Potential graduate student instructions:
Professor Joe Henrich will consider accepting graduate students for the 2023-2024 school year. As a lab policy, Dr. Henrich does not meet with potential students prior to seeing their applications. If you would like to gauge your fit to the lab prior to submitting an application, contact Mona Xue (firstname.lastname@example.org) with an introduction and list a few graduate students/post-docs that you might be interested in chatting with based on your research interests, and Mona can provide you with their contact information. A list of current lab members can be found here: https://coevolution.fas.harvard.edu/current-lab-members.
For more information about applying to HEB, see the departmental website (https://heb.fas.harvard.edu/graduate-program/applying-heb).
Post-doc position available. Please apply at the following link:
Interested in volunteering as an RA for the Culture, Cognition and Coevolution Lab?
Volunteering for a research lab is a rewarding experience that can serve as preparation for graduate school or other related endeavors. See below for a list of research projects that can use your help. Interested research assistents should email Mona Xue (email@example.com) with a brief statement about the project they are interested in.
Anansi Story Annotating Project (Manvir Singh and TC Zeng)
Anansi seeks to create a database consisting of more than 1,600 legends, folktales, and myths from around the world. You will be coding them, meaning that you will be reading the stories and answering questionnaires that include questions both about each story as a whole and individual characters.
Systematic review of linguistic fairness in medicine and public health (Damián Blasi and Joseph Dexter)
Text-based methods and metrics are central to many areas of life, from marketing and social media curation to medical diagnosis. A common feature of language-based assessments across domains is the central position of English - with few exceptions, methods tend to be developed with English-language corpora in mind and then adapted hastily (if at all) to other languages and cultural contexts. For clinical and public health applications, such linguistic unfairness can have serious adverse consequences for health equity and can complicate studies of the influence of culture on psychological wellbeing, but the scope of the problem remains poorly defined. As an RA you will work with us to conduct a systematic review of language-based assessments in medicine, giving particular attention to the prevalence for English-only methods and, for multilingual approaches, the quality of validation data available for the other languages include. This work will culminate in the joint preparation of a short review article, which we will aim to submit to a medical journal in early 2022.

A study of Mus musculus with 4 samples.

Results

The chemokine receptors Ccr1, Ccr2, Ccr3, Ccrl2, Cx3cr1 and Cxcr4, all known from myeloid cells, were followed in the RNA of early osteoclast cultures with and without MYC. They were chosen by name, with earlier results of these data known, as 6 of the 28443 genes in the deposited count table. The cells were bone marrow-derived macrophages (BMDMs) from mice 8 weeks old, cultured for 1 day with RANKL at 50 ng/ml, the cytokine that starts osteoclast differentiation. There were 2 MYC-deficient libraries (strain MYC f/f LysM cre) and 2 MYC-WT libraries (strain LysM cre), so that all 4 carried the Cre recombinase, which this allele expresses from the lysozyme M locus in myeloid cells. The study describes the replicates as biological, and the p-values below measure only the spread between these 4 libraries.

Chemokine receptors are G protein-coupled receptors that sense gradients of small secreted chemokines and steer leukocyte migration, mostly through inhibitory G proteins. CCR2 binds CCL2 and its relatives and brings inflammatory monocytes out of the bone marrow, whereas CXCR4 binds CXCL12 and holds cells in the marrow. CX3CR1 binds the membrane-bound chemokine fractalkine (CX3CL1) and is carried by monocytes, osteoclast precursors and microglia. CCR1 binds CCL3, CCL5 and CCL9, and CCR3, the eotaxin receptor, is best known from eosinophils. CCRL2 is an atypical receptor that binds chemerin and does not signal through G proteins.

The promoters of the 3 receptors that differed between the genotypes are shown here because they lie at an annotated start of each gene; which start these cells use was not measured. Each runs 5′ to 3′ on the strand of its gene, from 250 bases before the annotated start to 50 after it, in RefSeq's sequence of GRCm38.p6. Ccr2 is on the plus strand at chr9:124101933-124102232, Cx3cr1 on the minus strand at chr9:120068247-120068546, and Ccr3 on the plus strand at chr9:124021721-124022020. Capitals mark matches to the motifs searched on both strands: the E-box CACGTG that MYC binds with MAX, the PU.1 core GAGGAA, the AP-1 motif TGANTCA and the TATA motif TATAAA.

Quantifying perceptions of genre (Joseph Dexter)
Genre - whether a text is poetry or prose, or, more specifically, a novel, biography, or political speech - is a central organizing principle in the study of literature: presumably many of you have taken a course on, say, 19th century British novels or early modern drama. When given the frequencies of common words or various stylistic markers for a set of texts, computers do very well at identifying genre. Accuracies in excess of 95% are not unusual, and this strong performance underlies a lot of interesting research in the digital humanities and computational social sciences. Yet little is known about human performance on the same task (especially for cross-cultural samples). Taking inspiration from a recent study of music in which participants successfully identified the social function of unfamiliar songs just by listening to short clips (Mehr et al. 2018), we will investigate the perceptual basis for distinguishing literary genres. Study participants will read short passages of English literature with all formatting cues removed and answer questions about the genre of each passage and the stylistic features that most informed their guesses. As an RA you will help with design of a pilot experiment, refinement of the survey instrument following the pilot, and analysis of the final results.